Long-time subscribers to this blog know that I didn’t exactly jump at the chance to start canning. The word “reluctant” comes to mind, though “stubborn” might be more appropriate. Well, in August, 2011, I did start preserving foods, with most of my attention focused upon jams and jellies. It wasn’t long before I was awash in jams and jellies of every kind, as were many of my tasters, located both near and far alike.
At the time, I didn’t realize that there’s much more to jelly besides toast or peanut butter. The day I used fig preserves to stuff a pork loin changed the way I viewed my jams. So, when I made Damson plum jam last year, I was already thinking of pork roasts. I knew I was on the right track when my friend, Betsy, author of the wonderful Bits and Breadcrumbs blog, mentioned the very same thing in that post’s comments. Betsy, it took me a while to get here but I finally made it!
There is nothing complicated about this recipe. I’d guess that the toughest part of it will be finding plum jam, depending upon where you live. You could aways make some yourself but, if you live in the Chicago area, you’re likely to have a harder time finding Damson plums this Summer. You see, I plan on buying as many as I can find, all the while dreaming of future pork roasts. Speaking of which, there’s a pork roast with cherries in the works, as well.
- 1.5 lb. (680 g) pork tenderloin
- 2 tbsp butter
- 1 tbsp olive oil
- 4 oz (120 ml) white wine — I used a Riesling
- 1 tsp grated ginger — a little less than 1/2 inch piece
- 2 tbsp balsamic vinegar
- 4 oz (115 g) plum jam — Damson plum jam recipe
- 2 sprigs fresh rosemary
- salt and pepper, to taste
- Season pork tenderloin with salt and pepper before browning it on all sides in the pan — about 8 minutes. Remove the tenderloin from the pan.
- Use the white wine to deglaze the pan.
- Reduce the heat to medium before adding the ginger, balsamic vinegar, and plum jam, stirring until the jam melts and all are well-combined.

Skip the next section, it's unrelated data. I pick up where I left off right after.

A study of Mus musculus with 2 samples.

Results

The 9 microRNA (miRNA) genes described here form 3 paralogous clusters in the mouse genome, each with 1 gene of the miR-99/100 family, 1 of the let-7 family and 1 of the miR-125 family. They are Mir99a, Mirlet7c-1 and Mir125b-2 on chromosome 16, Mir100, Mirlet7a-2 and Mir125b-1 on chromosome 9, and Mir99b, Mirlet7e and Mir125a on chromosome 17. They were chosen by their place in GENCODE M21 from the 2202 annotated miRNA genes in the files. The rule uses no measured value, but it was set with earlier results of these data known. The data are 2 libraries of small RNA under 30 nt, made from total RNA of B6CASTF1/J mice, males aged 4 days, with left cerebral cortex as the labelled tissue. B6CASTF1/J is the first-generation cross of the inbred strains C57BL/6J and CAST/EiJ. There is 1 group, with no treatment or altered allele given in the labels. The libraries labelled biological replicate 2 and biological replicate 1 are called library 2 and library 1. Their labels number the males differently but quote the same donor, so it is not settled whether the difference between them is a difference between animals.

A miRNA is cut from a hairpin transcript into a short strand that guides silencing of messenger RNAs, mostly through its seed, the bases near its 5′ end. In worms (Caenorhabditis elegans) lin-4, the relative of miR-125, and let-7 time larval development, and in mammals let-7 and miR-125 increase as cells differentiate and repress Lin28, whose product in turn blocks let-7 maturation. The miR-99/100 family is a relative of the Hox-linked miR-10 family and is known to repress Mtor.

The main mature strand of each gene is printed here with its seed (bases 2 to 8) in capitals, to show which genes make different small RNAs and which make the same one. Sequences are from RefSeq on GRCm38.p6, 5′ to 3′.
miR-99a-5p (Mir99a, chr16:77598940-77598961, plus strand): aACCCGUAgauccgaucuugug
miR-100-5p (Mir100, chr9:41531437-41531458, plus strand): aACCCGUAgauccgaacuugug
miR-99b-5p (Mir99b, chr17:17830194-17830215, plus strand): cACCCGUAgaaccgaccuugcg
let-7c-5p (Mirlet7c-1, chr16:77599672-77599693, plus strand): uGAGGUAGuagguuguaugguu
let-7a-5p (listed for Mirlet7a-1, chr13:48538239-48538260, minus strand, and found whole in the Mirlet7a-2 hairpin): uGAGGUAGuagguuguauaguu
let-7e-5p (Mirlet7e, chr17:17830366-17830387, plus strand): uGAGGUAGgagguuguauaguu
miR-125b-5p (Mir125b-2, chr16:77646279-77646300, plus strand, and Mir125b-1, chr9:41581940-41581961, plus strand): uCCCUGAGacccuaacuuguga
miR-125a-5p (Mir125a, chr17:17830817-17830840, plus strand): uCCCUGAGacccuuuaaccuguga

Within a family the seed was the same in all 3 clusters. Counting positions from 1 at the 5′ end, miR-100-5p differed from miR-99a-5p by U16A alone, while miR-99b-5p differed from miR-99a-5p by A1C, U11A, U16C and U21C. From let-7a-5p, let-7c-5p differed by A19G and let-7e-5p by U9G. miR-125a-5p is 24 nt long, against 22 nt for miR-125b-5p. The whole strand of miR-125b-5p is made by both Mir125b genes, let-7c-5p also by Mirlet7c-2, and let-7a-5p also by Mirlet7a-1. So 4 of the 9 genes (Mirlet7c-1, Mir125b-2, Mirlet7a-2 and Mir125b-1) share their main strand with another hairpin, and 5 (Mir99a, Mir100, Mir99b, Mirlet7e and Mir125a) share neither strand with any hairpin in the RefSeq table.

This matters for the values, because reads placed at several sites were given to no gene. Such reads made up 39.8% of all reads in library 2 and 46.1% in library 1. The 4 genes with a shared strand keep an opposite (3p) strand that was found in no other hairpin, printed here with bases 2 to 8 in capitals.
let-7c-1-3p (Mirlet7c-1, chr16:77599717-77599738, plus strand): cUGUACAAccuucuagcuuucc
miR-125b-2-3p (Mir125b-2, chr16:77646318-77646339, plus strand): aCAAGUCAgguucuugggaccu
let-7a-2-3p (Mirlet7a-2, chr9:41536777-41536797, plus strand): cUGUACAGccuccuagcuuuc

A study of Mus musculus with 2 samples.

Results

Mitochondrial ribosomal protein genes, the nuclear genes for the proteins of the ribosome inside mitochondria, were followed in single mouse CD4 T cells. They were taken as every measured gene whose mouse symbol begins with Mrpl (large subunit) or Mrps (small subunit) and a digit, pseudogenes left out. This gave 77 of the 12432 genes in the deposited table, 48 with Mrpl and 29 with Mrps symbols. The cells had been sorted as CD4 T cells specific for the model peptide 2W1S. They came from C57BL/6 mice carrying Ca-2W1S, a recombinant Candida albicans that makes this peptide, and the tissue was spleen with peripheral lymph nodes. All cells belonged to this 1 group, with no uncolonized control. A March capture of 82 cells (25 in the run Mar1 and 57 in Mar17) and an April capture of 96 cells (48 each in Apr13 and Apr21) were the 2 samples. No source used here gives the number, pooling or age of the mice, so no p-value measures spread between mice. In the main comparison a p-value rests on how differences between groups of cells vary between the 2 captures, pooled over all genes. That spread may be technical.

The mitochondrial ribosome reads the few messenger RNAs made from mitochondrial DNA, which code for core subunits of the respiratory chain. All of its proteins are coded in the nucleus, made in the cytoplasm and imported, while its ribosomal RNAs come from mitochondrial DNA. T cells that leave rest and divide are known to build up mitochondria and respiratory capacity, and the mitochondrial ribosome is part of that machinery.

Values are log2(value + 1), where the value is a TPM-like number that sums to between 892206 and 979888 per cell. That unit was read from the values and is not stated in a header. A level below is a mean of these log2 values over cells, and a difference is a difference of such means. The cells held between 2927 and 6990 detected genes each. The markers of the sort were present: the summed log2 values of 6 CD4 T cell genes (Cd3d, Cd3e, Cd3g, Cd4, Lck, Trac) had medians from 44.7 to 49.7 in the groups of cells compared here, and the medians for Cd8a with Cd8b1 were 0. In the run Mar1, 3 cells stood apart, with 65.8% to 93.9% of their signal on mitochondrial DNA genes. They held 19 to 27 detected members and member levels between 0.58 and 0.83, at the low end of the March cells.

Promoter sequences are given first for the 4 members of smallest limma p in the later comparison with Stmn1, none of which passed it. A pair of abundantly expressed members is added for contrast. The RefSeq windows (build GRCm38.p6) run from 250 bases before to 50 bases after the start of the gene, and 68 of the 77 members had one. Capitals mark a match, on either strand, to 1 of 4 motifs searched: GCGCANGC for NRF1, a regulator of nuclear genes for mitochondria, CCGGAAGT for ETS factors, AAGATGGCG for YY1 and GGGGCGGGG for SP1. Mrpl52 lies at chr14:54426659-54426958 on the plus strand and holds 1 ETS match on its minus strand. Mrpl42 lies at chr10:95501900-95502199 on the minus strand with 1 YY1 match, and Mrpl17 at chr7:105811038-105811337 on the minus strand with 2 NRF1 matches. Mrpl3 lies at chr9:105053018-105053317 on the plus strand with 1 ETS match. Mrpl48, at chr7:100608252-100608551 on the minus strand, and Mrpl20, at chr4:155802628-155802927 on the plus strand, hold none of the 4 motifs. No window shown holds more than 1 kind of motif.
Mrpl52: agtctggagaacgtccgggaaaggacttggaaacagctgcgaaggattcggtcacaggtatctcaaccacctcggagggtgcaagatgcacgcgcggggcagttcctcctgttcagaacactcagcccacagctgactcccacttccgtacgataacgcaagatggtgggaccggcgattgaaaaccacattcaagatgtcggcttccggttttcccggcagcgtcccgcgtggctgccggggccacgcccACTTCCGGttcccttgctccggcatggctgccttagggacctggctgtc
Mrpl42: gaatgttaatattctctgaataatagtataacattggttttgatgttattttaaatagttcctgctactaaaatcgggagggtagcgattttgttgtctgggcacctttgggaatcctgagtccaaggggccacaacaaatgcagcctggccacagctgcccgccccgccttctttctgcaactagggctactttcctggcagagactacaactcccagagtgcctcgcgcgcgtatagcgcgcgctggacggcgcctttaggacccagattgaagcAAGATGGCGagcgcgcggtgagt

- Add the rosemary and return the tenderloin to the pan. Use a spoon to coat the pork with the plum sauce. Cover the pan.
- Continue to cook the pork, periodically basting it with the sauce, until it reaches your preferred temperature. Remove from pan and tent with foil while it rests for at least 10 minutes. (I removed mine from the heat when it reached 150˚ F (65˚ C).)
- Remove the rosemary sprigs and reserve the sauce. (See Notes.)
- Slice the roast and serve with the reserved plum sauce.
- This inspired recipe combines shredded Brussels sprouts, pancetta, garlic, stock, and white balsamic to create a truly special dish. To see the full recipe, be sure to check out my friend Eva’s sumptuous blog, Kitchen Inspirations.
Roasted Fingerling Potatoes with Rosemary and Pecorino Romano Cheese:
- Pre-heat oven and baking sheet to 425˚ F (220˚ C). Wash then cut fingerling potatoes to equal size. Season with crushed dried rosemary, salt, pepper, and coat with olive oil. Carefully oil baking sheet, add potatoes in a single layer, and roast until potatoes can be pierced easily, 20 to 30 minutes depending on size and quantity. Remove to serving platter, garnish with grated Pecorino Romano cheese, and serve immediately.
Not all fingerling potatoes are created equal and they’re likely to require varying times to roast. Cut the potatoes into even-sized pieces and all should cook evenly without any problems.
If plums are in season, you could add a few plum halves to the pan and sauté them for as long, or short, as you like. Serve them alongside the roast.
Hard to believe that it was two years ago when I was in the middle of my series on making cheese at home. When I demonstrated how easy it was to make mascarpone, I promised that I’d publish some recipes that would use your freshly made cheese. Today’s blast from the past is one of those recipes, combining pappardelle, spinach, Pecorino Romano, and, of course, mascarpone. It’s a delicious recipe and one you won’t want to miss. You can learn all about it by clicking HERE.